EILEEN Desmond was a woman of great resolve. Over the course of more than 20 years in the political arena, she championed the rights of women to equal pay, divorce and contraception.
Following Constance Markievicz, she became the second woman ever to hold a senior cabinet post. One of her greatest achievements was an unprecedented increase of 25% in social welfare payments during an economic depression.
Eileen Harrington was born on December 29, 1932, in Kilcolman, Kinsale. Her mother Ellen Harrington, née Walsh, was a seamstress and her father Michael was a postman and part-time fisherman.
Eileen grew up in a council cottage with her sister Patricia, who was 13 months her junior. Eileen inherited a respect for education and an interest in world events from her father, while her mother taught her to never follow rules blindly. Although Ellen was a religious woman, she was never one to adhere to strict religious regulations.
At the age of 17, Eileen moved to Dublin by herself where she took up the position of civil servant with the Department of Posts and Telegraphs. In Dublin, surrounded by the tenements and slums of the late 1940s, Eileen experienced real poverty for the first time in her life and was deeply affected by it. She became a volunteer with the Legion of Mary and took a night-time course in social studies.
At the age of 19, Eileen met Dan Desmond, a TD from Crosshaven, who offered to drive her home for Christmas. At the time very few people owned cars and so a lift from a TD was considered a big deal. A relationship blossomed between the pair and they were married in 1955.
As a result of the marriage bar that prohibited married women from working as civil servants, Eileen was forced to resign from her job.
Tragedy struck only eight years later when Dan, by then deputy leader of the Labour Party, died while being treated in hospital for tuberculosis. Eileen was left a widow with two young children at the age of 32.
Dan’s death caused a by-election in the mid-Cork region and Eileen, who was recovering from tuberculosis at the time, was asked to run in it.
Having acquired a working knowledge of the political world, she put her name forward and soon became one of the youngest members of the Dáil.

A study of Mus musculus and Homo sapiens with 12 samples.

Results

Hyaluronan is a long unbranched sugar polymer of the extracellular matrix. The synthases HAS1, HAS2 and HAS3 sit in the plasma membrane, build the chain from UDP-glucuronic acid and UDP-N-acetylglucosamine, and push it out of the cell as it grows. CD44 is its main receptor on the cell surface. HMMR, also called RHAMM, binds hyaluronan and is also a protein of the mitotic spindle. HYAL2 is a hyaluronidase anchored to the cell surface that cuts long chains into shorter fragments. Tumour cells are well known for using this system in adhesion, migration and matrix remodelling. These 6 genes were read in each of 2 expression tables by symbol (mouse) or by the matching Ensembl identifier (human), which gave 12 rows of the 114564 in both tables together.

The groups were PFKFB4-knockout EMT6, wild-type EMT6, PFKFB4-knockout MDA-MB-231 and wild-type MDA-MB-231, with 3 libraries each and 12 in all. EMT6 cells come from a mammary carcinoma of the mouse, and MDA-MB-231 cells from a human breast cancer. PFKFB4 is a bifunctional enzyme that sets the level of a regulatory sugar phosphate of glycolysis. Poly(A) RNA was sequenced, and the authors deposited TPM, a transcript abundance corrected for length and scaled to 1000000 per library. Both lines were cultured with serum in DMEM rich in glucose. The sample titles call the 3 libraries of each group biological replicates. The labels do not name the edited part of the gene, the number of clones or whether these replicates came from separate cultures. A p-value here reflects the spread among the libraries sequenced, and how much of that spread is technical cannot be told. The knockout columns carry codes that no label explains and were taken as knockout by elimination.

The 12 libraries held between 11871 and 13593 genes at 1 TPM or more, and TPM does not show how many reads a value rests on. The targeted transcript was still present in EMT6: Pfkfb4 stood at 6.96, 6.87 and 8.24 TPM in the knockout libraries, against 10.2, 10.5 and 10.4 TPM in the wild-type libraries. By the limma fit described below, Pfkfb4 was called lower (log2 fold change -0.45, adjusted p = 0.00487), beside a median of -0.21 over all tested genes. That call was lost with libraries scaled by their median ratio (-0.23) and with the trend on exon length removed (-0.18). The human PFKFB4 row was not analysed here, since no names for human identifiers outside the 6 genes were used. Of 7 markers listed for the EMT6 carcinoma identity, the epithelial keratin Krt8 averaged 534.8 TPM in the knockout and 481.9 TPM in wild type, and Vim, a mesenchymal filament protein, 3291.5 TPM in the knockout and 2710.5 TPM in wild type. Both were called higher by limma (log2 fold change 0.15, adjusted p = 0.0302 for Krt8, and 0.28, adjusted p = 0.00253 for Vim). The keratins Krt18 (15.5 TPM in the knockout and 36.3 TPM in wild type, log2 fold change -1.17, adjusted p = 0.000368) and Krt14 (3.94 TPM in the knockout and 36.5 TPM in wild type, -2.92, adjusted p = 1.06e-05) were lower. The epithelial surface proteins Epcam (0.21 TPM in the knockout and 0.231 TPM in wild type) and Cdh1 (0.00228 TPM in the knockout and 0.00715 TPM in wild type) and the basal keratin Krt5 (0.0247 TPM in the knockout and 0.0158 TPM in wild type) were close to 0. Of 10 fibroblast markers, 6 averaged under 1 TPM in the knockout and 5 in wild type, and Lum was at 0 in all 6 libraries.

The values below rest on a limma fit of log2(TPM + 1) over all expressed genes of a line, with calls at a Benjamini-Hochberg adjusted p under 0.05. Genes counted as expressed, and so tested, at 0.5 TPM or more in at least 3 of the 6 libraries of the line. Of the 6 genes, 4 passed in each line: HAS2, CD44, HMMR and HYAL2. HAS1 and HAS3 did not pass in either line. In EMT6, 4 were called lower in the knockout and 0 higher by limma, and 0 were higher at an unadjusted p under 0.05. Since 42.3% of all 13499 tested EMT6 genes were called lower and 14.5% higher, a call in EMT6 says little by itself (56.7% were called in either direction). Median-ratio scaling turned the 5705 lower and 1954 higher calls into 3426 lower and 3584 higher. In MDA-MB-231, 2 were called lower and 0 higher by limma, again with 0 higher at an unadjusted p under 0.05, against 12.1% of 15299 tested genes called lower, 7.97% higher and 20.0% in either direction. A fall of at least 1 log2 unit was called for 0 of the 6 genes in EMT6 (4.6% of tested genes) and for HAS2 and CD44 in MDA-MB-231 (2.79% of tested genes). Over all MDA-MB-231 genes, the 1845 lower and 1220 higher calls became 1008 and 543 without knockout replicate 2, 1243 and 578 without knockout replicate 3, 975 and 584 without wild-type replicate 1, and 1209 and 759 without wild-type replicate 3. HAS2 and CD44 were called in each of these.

From the outset, Eileen was devoted to improving the lot of women. She was angry at the marriage bar and the huge differences in pay between women and men working in the same jobs. She wanted to put an end to discrimination and financial injustice.
One of her major roles during the early years was in helping illiterate people to fill out social welfare and medical card forms. Her sense of kindness and sensitivity attracted the disenfranchised, who had been cast aside by various TDs in the past.
In the 1970s, Eileen was involved with then Labour senator Mary Robinson in the landmark case of Cork woman Josie Airey, who took the Irish government to the European Court of Human Rights and successfully challenged the lack of free legal aid in civil cases. Prior to this case, Josie had been unable to obtain a legal separation from her husband because she couldn’t afford the necessary legal fees. This ground-breaking case led to the establishment of the family law courts.
Eileen was instrumental in introducing divorce bills to Catholic Ireland, providing the framework for the eventual lifting of the ban on divorce in 1995.
She was highly vocal on the issue of legalising contraception in Ireland, a public stance that resulted in her being denounced from the pulpit for promoting immorality.
She was also involved in pressuring the then Minister for Health, Charlie Haughey, to improve the working conditions of nurses and to elevate nursing to the standard of a profession in Ireland.
As Eileen’s sister, Patricia, was a nurse, Eileen had heard first-hand about the mistreatment nurses were all too often subjected to from the hierarchy of the medical world.
Eileen was elected to the European Parliament in the 1979 European elections for the Munster constituency. She returned to domestic politics again in 1981 when a Fine Gael/ Labour Party coalition came to power and appointed her Minister for Health and Social Welfare. Eileen was now in a position to impact upon national legislation.
However, a few weeks after her appointment her health failed and she suffered a life-threatening haemorrhage. Despite this, when a major political dispute meant that, without her crucial vote the government would fall, Eileen was taken by ambulance from Cork to Dublin and carried into Leinster House on a stretcher. This incident became a source of great conflict within Eileen’s family, who feared she was sacrificing her health in her dogged pursuit of better rights for her constituents.
While still recovering from her illness, Eileen set about tackling the double portfolio of health and social welfare. She announced a new National Combat Poverty Agency and she fought for and gained an historically high 25% rise in social welfare payments.
During the abortion debate, Eileen made it perfectly clear from the outset that she was pro-choice, despite the fact that TDs suspected of not supporting the pro-life movement received mountains of hate mail and harassing phone calls.
At a debate in the Dáil, she declared: “We already have a ban on divorce in our Constitution and it has done untold damage over the years. Under no circumstances will I support another constitutional ban on an issue that affects the lives and health of women.”
Eileen died on January 6, 2005, aged 72. At her funeral. Michael McCarthy, the Labour Party senator for Cork South West, praised ‘her formidable but understated abilities’ and declared that ‘her legacy is to Mná na hÉireann, who have a shining example of what can be achieved, whatever the barriers or prejudice, to advance the interests of all of us.’.